Gordon Brown will have to concede more powers to the Scottish Parliament or pay the high price of seeing the Nationalists gaining ground towards their independence goal, Nick Clegg says.

He gives his warning in an exclusive interview with The Herald ahead of his first visit to Scotland today as the Liberal Democrats' new leader.

He made clear that devolution was "a process and not a fixed state", noting: "Every devolved system of government anywhere in the world shows the first step of devolved power usually leads to others."

Wendy Alexander, the Labour leader at Holyrood, has now joined other political leaders in Scotland to push for greater powers for the Scottish Parliament by setting up a cross-party commission. However, it is known some Labour figures at Westminster - believed to include the Prime Minister - are deeply hostile to it and feel she is dancing to the SNP's tune.

However, Mr Clegg, who represents Sheffield Hallam, thinks the reverse and urges Mr Brown not to set his face against more home rule for Scotland.

"The Labour Party and Gordon Brown would be making a strategic error of significant importance if they were not to understand that by just blocking further progress to devolution you strengthen the hand of the Nationalists.

"I subscribe fully to the idea the best way to address the often highly opportunistic siren call for full independence is to show devolution is a process which is ongoing and not shut the door and in effect say we have gone as far as we want."

Mr Clegg stressed the issue of more Scottish devolution was primarily for Nicol Stephen, LibDem leader at Holyrood, and the "Scottish political class".

However, the LibDem leader made clear that once the commission's recommendations were made - inevitably to seek more powers - and if Mr Brown said no, then Mr Clegg insisted he would seek to "not only remind Gordon Brown but embarrass him too about how it would fly in the face of what some members of his own party in Scotland want".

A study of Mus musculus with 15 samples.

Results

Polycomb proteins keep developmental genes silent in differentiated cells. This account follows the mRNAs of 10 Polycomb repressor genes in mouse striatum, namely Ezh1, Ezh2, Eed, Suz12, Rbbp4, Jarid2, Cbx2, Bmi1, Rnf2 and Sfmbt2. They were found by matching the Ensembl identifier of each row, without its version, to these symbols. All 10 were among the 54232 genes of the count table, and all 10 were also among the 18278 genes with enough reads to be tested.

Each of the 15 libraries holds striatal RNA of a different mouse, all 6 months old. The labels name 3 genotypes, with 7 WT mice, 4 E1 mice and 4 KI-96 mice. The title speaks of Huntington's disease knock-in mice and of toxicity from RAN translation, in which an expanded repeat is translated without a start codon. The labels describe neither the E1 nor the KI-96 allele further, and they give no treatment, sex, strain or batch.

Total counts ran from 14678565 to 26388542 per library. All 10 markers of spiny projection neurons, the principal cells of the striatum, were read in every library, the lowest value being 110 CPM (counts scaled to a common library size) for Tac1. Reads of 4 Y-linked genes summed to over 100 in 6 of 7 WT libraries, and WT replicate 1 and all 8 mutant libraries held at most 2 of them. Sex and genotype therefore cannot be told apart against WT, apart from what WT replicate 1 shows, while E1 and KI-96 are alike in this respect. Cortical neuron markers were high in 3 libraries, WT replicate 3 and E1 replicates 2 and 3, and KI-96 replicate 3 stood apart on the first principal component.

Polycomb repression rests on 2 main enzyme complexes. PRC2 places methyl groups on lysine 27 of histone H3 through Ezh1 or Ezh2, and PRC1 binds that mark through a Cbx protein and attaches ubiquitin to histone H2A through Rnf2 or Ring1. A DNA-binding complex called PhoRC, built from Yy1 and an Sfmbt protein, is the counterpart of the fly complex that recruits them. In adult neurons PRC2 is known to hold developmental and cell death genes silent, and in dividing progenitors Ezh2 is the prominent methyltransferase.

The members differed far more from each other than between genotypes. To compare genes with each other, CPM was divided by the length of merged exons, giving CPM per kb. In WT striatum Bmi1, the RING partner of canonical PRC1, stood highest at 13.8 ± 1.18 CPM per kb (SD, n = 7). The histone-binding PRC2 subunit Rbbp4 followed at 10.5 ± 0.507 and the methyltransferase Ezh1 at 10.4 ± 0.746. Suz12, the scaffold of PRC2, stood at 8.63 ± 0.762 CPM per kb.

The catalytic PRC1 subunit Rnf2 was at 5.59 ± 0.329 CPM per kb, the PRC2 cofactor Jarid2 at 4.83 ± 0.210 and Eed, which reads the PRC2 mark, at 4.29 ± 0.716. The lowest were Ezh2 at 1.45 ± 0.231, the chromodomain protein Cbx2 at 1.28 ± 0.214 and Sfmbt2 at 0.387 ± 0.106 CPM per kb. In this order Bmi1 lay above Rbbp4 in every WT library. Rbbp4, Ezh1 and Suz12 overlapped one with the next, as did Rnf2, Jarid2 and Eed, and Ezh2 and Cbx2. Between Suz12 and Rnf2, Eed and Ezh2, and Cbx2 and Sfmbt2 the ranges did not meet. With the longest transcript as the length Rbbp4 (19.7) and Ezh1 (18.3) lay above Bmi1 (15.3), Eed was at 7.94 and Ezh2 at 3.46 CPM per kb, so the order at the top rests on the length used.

Speaking minutes after his first appearance as party leader at Prime Minister's Questions, the 41-year-old admitted it was a nerve-racking experience, but also enjoyable. He was greeted with hugs, cheers and kisses in his private office after.

Today, the welcome in from party MSPs and members will also be warm as Mr Clegg visits the Scottish Parliament. As the first non-Scottish LibDem leader for nearly a decade, he intends to visit Scotland regularly.

In his interview, the successor to Sir Menzies Campbell also spoke about his contacts with Mr Brown and David Cameron over constitutional change, claiming that the Westminster system was "on its last legs".

"I said to them: Let's get together as long as we have a no-holds-barred discussion like the terms of the Scottish constitutional convention that led to devolution to Holyrood but that's based on all parties being involved and not just parties talking bilaterally to each other.'"

He added: "If Brown and Cameron are interested in holding cross-party talks along the lines of the Scottish convention, which would really lead to root-and-branch reform of the political system, no one would be more delighted than me.

"But if they're not interested in that and only interested in playing games or picking off one or two issues that would be convenient to them and would ruin the rest, I'm simply not interested in that whatsoever."